Tracing Coffee's Troubled Past and Present

Boston.com -- Antony Wild's ''Coffee" is as rich and complex as the brew itself. It is the pointed, entertaining, and disturbing chronicle of a drink that in the United States alone generates an annual market of $19 billion, with 161 million consumers serviced by 150,000 full-time workers.

Wild's signal accomplishment is to show how economics and ecology intertwine in the coffee trade. A coffee trader himself, he suggests both are tainted by US policy.

While the transnational firms that dominate the world coffee trade -- Procter & Gamble, Sara Lee, Nestle, and Philip Morris -- report record profits and sales, small coffee growers are suffering, Wild says. The biggest culprit: the US-led reforestation of Vietnam to grow Robusta, a strain inferior to the more delicate and aromatic Arabica. Vietnamese Robusta is flooding the market and depressing coffee prices worldwide in the name of capitalist success US-style, Wild suggests.

Wild connects the bean to alchemy, Sufi mysticism in Yemen, to empire-building, and to the roots of insurrection. Not only does he link the ''dark, bitter-sweet mystery of real coffee" to Napoleon's last outpost on St. Helena, he suggests it led to intellectual evolution in 17th-century Europe by way of what he calls ''Coffee House Man" and may have stimulated revolutionary movements in France and the United States. One way to interpret the Boston Tea Party, after all, is as a line in the sand forever linking England to tea, the United States to coffee.

Wild traces coffee from its 16th-century origins in Ethiopia to its current position as a leading export from Vietnam, where, he suggests, the United States' use of Agent Orange during the Vietnam War may have poisoned the crop.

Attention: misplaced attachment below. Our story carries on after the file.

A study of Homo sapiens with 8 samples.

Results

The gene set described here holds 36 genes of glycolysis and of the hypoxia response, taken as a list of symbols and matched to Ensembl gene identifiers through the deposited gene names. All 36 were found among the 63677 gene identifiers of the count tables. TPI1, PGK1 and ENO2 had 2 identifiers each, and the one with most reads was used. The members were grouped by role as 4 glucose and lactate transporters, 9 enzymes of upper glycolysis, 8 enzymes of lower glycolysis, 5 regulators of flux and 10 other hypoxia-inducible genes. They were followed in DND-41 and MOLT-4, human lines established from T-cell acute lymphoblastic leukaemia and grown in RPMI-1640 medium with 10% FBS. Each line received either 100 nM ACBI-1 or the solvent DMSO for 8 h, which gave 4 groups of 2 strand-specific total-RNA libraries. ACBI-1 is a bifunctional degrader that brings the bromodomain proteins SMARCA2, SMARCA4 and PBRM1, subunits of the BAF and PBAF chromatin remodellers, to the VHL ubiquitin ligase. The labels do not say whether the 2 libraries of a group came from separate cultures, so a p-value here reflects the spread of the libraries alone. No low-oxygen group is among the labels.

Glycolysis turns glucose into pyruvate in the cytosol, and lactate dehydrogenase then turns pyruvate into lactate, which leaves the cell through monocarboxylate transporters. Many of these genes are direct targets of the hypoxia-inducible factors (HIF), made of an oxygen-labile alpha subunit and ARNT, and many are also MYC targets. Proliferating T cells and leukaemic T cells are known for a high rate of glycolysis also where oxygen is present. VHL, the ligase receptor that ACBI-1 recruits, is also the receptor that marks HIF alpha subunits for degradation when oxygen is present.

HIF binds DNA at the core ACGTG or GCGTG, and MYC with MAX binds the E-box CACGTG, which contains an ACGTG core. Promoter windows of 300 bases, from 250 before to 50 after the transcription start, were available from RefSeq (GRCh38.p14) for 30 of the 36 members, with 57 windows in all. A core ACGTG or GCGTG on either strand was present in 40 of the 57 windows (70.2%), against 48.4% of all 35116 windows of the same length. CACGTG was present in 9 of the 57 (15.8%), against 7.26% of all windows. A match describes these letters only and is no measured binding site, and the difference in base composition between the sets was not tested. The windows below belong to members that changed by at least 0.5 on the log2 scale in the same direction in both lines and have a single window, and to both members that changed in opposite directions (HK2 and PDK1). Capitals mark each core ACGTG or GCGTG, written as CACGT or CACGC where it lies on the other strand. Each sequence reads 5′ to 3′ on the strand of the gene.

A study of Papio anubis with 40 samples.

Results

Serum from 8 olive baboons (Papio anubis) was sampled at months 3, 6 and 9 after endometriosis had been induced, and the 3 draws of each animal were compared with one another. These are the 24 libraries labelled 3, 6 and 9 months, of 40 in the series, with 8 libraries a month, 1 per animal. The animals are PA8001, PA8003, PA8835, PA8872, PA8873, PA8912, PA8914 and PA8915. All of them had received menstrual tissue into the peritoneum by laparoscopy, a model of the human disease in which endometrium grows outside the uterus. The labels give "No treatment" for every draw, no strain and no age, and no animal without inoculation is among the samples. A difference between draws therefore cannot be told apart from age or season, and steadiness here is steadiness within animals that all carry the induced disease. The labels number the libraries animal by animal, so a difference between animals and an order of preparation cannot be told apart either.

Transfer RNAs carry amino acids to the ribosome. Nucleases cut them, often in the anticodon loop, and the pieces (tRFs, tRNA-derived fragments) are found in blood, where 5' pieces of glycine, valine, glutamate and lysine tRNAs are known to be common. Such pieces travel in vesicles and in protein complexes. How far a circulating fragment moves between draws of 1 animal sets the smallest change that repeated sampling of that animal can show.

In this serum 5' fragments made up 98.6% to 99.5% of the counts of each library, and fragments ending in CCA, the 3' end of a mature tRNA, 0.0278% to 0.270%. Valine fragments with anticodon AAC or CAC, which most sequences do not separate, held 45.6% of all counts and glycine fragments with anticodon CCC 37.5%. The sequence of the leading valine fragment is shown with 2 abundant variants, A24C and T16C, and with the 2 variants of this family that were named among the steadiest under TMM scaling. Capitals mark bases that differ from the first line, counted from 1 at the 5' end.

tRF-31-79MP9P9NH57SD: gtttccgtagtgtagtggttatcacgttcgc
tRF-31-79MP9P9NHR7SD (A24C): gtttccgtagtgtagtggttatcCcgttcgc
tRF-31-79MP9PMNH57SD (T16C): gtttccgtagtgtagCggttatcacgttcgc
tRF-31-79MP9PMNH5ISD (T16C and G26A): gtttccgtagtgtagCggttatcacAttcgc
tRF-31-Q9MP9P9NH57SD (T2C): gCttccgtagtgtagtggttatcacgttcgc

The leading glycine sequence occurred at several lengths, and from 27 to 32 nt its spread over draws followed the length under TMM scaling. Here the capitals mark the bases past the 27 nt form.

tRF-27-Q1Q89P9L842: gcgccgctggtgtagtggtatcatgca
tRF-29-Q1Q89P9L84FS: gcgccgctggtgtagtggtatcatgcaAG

This is the story of an alluring seed that has been associated with colonialism and slavery. Wild's take on coffee growing in Vietnam and Colombia, where the coffee is better and grows year-round, is alarming.

Vietnam and Colombia are vying for second place after market leader Brazil. In Colombia, Roundup and Roundup Ultra, herbicides manufactured by Monsanto, one of the suppliers of Agent Orange in the Vietnam War, have been sprayed -- another reason, Wild suggests, that coffee growers are thrown out of work.

Although he claims the US-driven free-trade agenda subverts fair trade statutes designed to protect the small grower, Wild also savors coffee, particularly espresso.

But he deplores the dilution of espresso and particularly disdains Starbucks, which he considers an oppressive capitalist juggernaut particularly adept at branding.

''Like Italian cars, football, fashion, food, and film starlets, espresso coffee has acquired an unmistakable aura of Italian glamour. It combines precision engineering, voluptuous lines, impeccable style, and consummate showmanship, allowing its exponents to build an entire cafe culture around the process of making a cup of coffee," he writes. ''However, the Italian original has been repackaged to make it more acceptable to the modern international big-brand consumer. This has given rise to a cultural miscegenation adapted to the exigencies of modern marketing."

Wild's book will give you pause before your next cup.